Despite the sliver of land it occupies, the narrowest country in the world is a country of wild contrast. While great glaciers scrape the base of snow-capped volcanoes in the southern Patagonia region, the northernmost point of Chile is home to the driest desert in the world. The Atacama Desert lies along the base of the Andes mountain range at the borders of Bolivia and Argentina, presenting a geography that is almost like another planet.
Its otherworldly appearance and terrain have been likened to Mars; so much so that it has been the location for many interstellar movies. Even NASA tests instruments for future Mars missions here. The lack of rain (an average of only 1cm or .04in per year in the entire region) has created riverbeds that scientists believe have been dry for 120,000 years, with smoking 35 million-year-old volcanic mountains of up to 6,705m (22,000 ft) that loom over it all.
The Atacama’s remoteness, altitude, minimal light pollution, and arid desert atmosphere make it one of the best places on Earth to see the galaxy above. Nights here call to stargazers like a magnet, with the clearest skies in the Southern Hemisphere. Once the sun begins to dip behind the peaks of the Andes, it sends an ever-changing colour palette across the landscape in one of nature’s most dramatic shows — followed by the brilliant star-dotted sky.
The world’s most advanced visible-light astronomical observatory, Paranal, is located here. It is the flagship facility for the European Southern Observatory, and its telescope is so powerful that it could clearly show the two headlights of a car at a distance of the moon. Free guided, public tours of Paranal are held every Saturday; reservations are required.
There are also plenty of other ways to get up close and personal with the starry show that the Atacama puts on. Stargazing tours in small groups are regularly held on clear nights, especially in the week around the full moon. These tours are fun and informational, and they allow people with little or no astronomical knowledge to observe and discover a new world above.
You can also have a personal stargazing experience at local hotels. Some boast their own observation decks with lounge chairs, blankets, and research-grade telescopes, guests are led by knowledgeable guides who point out the major stars and constellations, so that they are free to explore the galaxy from their chair. Try for a one-and-a-half hour long Full Moon Walk starting here, which further explores the surrounding area.
Speaking of the moon, an extraordinary place to hike in the Atacama Desert is the Valley of the Moon. It’s best to arrive a couple of hours before sunset — which is spectacular here — so you have time for plenty of hiking through the rock formations and colourful striated mountainsides. As you may have guessed from its name, this area is the most lunar-like land in the region.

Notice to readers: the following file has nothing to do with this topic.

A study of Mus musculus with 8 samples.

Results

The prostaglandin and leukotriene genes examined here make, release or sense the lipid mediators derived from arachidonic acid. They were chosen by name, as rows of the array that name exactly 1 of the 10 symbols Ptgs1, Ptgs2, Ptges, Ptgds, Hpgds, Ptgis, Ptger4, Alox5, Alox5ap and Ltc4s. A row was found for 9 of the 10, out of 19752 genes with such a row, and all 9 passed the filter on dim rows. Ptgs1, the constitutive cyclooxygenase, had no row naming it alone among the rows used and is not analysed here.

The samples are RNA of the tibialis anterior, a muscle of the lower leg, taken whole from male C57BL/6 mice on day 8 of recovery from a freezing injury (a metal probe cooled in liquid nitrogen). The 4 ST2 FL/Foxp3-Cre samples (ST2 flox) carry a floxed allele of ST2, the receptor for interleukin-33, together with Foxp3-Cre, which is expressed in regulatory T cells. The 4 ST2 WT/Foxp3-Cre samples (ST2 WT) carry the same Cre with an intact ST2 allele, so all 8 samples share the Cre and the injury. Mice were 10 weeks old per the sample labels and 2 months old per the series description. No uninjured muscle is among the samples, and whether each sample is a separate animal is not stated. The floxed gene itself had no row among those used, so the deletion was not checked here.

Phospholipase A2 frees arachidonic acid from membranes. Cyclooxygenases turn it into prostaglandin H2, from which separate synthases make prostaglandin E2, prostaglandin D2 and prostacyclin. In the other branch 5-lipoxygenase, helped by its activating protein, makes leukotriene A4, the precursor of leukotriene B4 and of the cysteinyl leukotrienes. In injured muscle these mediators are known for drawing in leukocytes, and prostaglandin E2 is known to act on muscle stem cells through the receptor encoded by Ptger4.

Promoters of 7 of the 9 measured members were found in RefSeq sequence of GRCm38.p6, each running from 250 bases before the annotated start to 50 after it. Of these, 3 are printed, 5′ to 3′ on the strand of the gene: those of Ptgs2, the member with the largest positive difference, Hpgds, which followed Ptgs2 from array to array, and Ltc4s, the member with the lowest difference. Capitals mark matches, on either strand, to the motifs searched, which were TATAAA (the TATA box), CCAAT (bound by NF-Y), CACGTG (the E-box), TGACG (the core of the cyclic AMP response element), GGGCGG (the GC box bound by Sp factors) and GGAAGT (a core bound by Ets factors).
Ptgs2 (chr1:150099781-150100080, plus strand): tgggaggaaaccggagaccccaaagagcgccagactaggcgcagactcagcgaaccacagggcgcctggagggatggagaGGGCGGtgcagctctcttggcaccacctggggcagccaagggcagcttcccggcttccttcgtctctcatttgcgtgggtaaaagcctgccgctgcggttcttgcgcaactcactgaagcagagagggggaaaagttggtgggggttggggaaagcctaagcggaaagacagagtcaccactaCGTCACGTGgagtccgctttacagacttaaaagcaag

During the day, there are still plenty of incredible things to do in the Atacama Desert. Here are a few other recommendations:
San Pedro de Atacama San Pedro de Atacama This picturesque town is home to about 2,500 people, and is the archeological capital of Chile. It is a quiet town that makes for a nice walking tour, with a number of artisan shops, a craft market, historic church, museum, and several good restaurants.
Salar de Atacama The largest salt flat in Chile, and third-largest in the world, is as otherworldly as the Atacama gets. Here, jagged salt-crusted rocks rise from the ground amid shallow pools of the desert’s precious water. The salt lakes also hold the most incongruous, but enchanting, sight: dozens of vivid flamingos. Three species of flamingo live in the Salar, some of the only animal life outside llamas and lizards to exist in the ruthless climate.
Explore Indigenous culture This forbidding geography is home to an incredibly hardy people with a long lineage in human history. Some mummified remains in Father Le Paige’s Museum at San Pedro de Atacama are the oldest in the world, pre-dating Egyptian relics by thousands of years. For a first-hand look at the history and culture of the region, hike up the Pukara de Quitor, a fort was built around 900 B.C. and used by the Atacameño until the Spanish overtook it centuries later. The fort is dotted with signs explaining its history of invasion upon the peaceful people, in both English and Spanish, and a climb to the top yields magnificent views of the desert gorge below.
G Adventures runs a number of departures in Chile encompassing a wide range of departure dates and activities to cater to different tastes. We’re thrilled at the prospect of showing you this big blue planet of ours — check out our small group trips here.
Feature image courtesy Alessandro C.